What better way to remind the world that you are still alive than to put up a Twitter account. Conan O’Brien is currently “in between jobs,” so he decided to be more productive about his free time by joining Twitter.
I was hoping they’d put Conan O’Brien on the cover, but I guess he’s had his fair share of media attention for the past few weeks. It’s Jay Leno’s turn. Entertainment Weekly featured the Jay Leno Show host on this week’s cover.
Their cover blurb, “TV’s 50 Biggest Bombs Ever” caught readers’ attention in the midst of NBC’s late night shuffle hullabaloo.
“Sometimes TV networks, producers, or actors do something so stupid, it makes you ask: What the heck were they thinking?” wrote the EW staff. “In that spirit, we decided to take time out to honor (if you want to call it that) television’s biggest bombs and blunders. We’re talking the decisions both bad (hey, let’s give Felicity a haircut!) and bizarre (XFL, anyone?). And at the top of our list: NBC’s decision to put Jay Leno at 10 p.m. It destroyed not only five hours of primetime programming, but also the local newscasts that followed.”
Sounds like an intellectually juicy read to me. Grab your copy at your nearest newsstands, if you haven’t already.
1. The ratings skyrocketed. Starpulse reported that Conan “scored a 7.0 rating for his farewell appearance on NBC Friday, compared to a 2.5 rating for CBS’ Late Show With David Letterman, and on ABC, a 2.8 for Nightline followed by 1.3 for Jimmy Kimmel Live!”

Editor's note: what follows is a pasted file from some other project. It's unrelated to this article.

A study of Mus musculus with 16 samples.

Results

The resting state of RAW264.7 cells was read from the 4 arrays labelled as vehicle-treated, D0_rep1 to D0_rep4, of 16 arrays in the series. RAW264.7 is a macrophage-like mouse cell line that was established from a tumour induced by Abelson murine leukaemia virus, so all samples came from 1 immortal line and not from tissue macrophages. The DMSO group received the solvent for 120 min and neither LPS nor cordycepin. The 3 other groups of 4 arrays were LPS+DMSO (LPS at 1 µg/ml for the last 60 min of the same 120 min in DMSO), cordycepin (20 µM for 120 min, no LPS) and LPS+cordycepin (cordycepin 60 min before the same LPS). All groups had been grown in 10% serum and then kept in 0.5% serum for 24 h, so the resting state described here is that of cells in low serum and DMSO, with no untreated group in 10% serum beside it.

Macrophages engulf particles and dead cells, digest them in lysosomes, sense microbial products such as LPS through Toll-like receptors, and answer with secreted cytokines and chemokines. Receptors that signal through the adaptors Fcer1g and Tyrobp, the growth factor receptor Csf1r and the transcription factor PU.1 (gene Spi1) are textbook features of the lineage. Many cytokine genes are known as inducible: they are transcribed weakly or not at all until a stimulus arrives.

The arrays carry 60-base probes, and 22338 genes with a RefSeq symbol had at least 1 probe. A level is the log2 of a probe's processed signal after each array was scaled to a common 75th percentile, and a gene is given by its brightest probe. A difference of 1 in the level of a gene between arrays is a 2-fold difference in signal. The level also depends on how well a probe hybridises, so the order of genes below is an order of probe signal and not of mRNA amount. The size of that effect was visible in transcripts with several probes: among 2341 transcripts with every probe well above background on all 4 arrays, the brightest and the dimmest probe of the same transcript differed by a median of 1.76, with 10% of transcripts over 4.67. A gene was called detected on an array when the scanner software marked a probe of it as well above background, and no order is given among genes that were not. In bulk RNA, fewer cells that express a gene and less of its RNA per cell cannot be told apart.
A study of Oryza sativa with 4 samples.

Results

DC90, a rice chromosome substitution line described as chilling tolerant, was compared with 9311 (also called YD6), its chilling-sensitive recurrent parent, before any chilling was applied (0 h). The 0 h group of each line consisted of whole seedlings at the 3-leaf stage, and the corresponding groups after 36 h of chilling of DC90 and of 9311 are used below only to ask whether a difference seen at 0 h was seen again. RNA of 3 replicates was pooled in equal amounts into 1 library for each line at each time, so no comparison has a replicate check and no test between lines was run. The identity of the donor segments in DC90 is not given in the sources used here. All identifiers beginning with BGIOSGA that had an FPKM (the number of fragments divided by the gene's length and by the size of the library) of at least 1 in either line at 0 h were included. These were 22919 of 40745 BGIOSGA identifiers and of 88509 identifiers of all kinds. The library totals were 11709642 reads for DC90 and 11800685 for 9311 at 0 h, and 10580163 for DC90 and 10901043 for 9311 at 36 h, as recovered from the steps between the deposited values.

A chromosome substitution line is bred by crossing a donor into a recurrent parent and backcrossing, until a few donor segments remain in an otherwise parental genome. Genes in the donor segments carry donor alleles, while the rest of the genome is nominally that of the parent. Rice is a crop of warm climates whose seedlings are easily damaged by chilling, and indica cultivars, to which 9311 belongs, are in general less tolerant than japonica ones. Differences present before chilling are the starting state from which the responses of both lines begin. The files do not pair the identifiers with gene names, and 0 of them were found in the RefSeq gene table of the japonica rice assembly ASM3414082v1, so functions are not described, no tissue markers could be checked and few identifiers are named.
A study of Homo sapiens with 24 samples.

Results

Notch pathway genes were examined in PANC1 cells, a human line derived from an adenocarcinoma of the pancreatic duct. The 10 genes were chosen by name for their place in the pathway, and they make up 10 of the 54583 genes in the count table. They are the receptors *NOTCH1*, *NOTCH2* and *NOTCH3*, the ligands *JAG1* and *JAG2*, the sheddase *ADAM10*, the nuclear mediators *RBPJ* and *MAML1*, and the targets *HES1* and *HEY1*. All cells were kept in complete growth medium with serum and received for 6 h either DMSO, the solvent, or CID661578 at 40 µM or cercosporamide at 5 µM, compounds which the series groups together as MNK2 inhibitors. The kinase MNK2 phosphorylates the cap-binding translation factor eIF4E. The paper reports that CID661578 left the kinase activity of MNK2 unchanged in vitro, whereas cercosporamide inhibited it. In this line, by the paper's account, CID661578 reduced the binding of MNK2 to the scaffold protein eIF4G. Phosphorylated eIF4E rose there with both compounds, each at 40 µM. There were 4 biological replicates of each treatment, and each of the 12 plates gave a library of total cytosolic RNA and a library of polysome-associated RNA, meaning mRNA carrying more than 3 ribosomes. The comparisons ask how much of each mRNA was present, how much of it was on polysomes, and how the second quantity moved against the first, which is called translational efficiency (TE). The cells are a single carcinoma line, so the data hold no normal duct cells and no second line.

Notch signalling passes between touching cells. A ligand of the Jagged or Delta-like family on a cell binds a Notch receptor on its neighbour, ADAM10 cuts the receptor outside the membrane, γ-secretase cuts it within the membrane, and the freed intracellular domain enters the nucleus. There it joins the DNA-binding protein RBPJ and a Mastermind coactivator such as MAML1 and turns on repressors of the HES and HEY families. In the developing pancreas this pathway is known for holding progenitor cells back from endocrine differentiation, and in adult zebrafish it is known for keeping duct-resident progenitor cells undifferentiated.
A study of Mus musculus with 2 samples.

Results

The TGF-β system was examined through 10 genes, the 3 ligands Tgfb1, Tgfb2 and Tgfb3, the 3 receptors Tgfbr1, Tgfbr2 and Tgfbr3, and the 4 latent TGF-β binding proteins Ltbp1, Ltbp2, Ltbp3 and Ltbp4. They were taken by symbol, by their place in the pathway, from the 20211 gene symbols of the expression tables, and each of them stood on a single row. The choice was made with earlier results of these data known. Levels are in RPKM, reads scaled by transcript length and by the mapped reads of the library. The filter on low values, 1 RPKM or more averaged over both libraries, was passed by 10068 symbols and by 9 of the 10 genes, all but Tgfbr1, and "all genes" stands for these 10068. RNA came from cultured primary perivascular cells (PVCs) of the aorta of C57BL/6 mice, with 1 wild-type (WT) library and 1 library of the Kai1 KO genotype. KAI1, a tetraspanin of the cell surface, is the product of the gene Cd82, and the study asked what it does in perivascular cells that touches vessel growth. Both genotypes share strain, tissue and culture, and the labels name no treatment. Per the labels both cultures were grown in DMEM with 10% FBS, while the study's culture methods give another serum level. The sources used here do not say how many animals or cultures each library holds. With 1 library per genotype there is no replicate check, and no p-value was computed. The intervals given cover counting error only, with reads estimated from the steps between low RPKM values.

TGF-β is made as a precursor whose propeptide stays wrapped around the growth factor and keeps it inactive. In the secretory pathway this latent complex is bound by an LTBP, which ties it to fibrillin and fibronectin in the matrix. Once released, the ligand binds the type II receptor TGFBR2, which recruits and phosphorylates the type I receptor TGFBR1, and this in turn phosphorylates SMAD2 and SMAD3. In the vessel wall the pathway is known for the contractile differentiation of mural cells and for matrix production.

2. He nearly cried. Nearly! Just when you thought he was great with translating emotions into sarcastic jokes, Conan actually choked back his tears when he addressed his audience and fans.
3. He had stellar guests. Steve Carell gave him an exit interview; Neil Young performed “Long May You Run”; and Tom Hanks led the crowd’s “Coco cheer.”
5. He ended with a song. With Will Ferrell dressed as a hippie, they performed Lynyrd Skynyrd’s “Freebird.”
What did you think of Conan’s last words?
It’s official. The Tonight Show’s infamous host is finally leaving NBC, ending the comedy shuffle hullabaloo. According to USA Today, Conan’s exit was officially announced by NBC’s Meredith Vieira early Thursday.
January 18, 2010—Conan O’Brien showed his support for his fans as he ran with the crowd from Lankershim Blvd. to Universal Studios on foot. A large crowd in Studio City gathered to cheer him on. As he reached the top of the building, an “I’m with COCO” poster was hung down from the building with O’Brien raising his arms and cheering on the crowd.
“In the end, Conan was appreciative of the steps NBC made to take care of his staff and crew, and decided to supplement the severance they were getting out of his own pocket,” Gavin Polone, Conan’s manager told The Wall Street Journal.
Watch out for this Friday’s farewell show, with special guests Tom Hanks and Will Ferrell. Funnyman Conan still managed to pull this off as he gave the bittersweet news to the audience: “Hi, I’m Conan O’Brien, and I’m just three days away from the biggest drinking binge in history.”
Who says it’s the end of Conan O’Brien? My gut tells me that the other network executives are busy drafting hefty proposals for the 46-year-old comedian as you read this post.